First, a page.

Russia to supply Iran with advanced Su-35 fighter jets

Iranians are already training on the Sukhoi-35 planes, according to intelligence sources.

By Batya Jerenberg, World Israel News

American intelligence officials believe that Russia is on the verge of a huge arms deal with Tehran that includes supplying the Islamic Republic with two dozen of its advanced fighter jets, Channel 12 reported Saturday.

According to the report, Iranian pilots are already training in Russia on the Su-35 Sukhoi jets, cruise missile-carrying fighters that according to the Russians can reach a speed of Mach 2.5 and have a range of over 3,500 km, making Israel quickly and easily within striking distance from Iran.

The planes are said to be part of a weapons deal Russia had had with Egypt, before the United States nixed the plan. Russia, under a tight weapons embargo due to its ongoing invasion of Ukraine, has been searching for customers for the $43 million jets.

The Su-35 was introduced a decade ago, and to date Russia has only 110 of them in service itself. The Iranians are very eager to improve their air force, as most of their fighter fleet is many decades old.

Besides the full squadron of planes, the deal is said to include the most advanced Russian anti-aircraft defense system, the S-400.  This system was deployed to protect Russian military sites in Syria, worrying the IDF, which regularly strikes Iranian and Iranian-backed targets in the country.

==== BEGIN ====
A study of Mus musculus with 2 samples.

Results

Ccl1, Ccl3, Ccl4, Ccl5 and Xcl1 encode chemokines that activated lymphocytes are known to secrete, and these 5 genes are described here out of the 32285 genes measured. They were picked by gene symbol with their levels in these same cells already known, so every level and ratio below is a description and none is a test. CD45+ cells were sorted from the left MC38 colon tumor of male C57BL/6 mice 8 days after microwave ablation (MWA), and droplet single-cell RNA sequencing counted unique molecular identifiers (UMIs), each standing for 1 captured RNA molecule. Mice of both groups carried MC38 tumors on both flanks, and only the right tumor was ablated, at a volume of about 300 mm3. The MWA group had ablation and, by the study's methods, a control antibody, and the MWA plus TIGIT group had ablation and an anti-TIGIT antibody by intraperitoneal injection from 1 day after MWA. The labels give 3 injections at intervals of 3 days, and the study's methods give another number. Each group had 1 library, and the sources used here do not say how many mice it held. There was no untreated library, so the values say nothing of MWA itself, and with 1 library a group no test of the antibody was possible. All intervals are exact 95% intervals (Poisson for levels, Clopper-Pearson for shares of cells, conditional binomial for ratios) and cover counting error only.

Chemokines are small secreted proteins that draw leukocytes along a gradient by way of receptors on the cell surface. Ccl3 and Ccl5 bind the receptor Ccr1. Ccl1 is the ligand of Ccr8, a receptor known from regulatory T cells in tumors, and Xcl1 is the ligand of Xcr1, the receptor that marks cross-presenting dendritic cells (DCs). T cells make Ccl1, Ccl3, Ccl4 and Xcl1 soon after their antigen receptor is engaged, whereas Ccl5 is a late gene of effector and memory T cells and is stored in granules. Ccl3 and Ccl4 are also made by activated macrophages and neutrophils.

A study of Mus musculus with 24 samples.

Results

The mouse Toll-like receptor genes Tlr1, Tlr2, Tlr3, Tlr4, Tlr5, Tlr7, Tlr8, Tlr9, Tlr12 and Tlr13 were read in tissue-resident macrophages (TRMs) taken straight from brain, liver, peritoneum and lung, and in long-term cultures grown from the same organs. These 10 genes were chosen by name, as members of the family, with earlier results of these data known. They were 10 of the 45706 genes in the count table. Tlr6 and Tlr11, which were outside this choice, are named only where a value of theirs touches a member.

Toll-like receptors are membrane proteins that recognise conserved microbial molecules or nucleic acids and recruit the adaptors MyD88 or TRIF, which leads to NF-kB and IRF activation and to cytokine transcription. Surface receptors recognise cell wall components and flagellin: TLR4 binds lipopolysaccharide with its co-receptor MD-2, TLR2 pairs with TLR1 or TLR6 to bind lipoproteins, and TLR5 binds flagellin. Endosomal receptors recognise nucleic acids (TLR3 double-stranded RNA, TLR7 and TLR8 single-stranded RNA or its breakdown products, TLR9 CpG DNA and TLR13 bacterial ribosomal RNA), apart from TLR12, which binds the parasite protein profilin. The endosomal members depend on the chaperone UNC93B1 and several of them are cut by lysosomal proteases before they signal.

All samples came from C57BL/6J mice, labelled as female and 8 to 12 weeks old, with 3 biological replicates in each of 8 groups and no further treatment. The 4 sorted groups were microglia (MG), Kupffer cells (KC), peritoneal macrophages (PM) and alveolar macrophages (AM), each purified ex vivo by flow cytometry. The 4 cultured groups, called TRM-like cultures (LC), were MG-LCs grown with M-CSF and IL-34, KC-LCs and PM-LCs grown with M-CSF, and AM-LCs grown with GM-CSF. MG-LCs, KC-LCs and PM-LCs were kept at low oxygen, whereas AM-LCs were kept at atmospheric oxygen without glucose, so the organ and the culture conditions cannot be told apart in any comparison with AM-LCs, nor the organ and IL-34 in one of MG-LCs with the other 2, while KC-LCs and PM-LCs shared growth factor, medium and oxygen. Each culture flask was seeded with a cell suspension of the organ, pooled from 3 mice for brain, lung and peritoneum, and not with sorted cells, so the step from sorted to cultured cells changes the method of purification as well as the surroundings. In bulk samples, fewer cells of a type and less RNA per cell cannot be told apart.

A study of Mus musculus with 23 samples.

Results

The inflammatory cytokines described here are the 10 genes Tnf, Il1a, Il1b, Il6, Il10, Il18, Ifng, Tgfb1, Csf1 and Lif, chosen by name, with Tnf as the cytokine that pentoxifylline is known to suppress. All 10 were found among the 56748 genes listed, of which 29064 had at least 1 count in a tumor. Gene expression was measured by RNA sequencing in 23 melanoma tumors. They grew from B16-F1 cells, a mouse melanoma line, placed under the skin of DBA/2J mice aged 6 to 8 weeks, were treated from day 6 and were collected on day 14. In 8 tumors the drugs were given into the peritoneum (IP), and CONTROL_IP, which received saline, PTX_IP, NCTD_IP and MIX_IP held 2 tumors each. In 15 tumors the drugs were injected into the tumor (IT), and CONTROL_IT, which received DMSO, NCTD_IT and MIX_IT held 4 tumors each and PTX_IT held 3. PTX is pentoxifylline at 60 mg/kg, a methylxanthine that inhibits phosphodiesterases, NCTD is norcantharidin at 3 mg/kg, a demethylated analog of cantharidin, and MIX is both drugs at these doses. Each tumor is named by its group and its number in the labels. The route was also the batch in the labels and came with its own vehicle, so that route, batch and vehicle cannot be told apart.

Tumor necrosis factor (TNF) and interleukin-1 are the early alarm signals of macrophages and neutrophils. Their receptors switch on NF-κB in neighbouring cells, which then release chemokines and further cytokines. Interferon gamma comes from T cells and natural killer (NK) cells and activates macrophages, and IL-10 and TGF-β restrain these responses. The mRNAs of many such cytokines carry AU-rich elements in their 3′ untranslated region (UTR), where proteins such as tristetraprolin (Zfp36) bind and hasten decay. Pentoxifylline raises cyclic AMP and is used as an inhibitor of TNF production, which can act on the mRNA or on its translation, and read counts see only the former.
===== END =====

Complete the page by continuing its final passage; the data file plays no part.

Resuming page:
The Iranians’ desire to upgrade their air defense stems from Israel’s oft-stated readiness to consider a military option to take out their nuclear bomb-making program, which Jerusalem considers an existential threat to the Jewish state. The United States, angered by Iran’s sanctions-evading aid to Russia, is also closer than it has been for a long time to threatening Iran militarily.

Tehran’s side of the deal allegedly includes supplying Russian forces with short-range, surface-to-surface missiles and 300 more “suicide” drones to go along with the 1,700 it sold Russia before its February invasion of Ukraine began. According to both Ukrainian and Western officials, these unmanned aerial vehicles are being used to great effect over the last two months to knock out vital electricity facilities and other infrastructure throughout Ukraine.

This is in addition to Iran signing off last month on Moscow producing its own UAVs based on Iranian designs. A Ynet report at the time said that the Iranians agreed both because they need the cash from the deal and because “Russian scientists and engineers have a considerable ability to improve the range, accuracy and destructive capacity of the drone.”


The U.S. has already expressed concern over the impact that the deepening relationship between the two ostracized countries could have on several of its allies.

“What’s beginning to emerge is at least the beginnings of a full-fledged defense partnership between Russia and Iran, with the Iranians supplying drones to the Russians, which are killing Ukrainian civilians as we speak today,” Central Intelligence Agency (CIA) head William Burns told PBS Friday.

“I think it can have an even more dangerous impact on the Middle East as well if it continues,” the director added. “So, it’s something that we take very, very seriously.”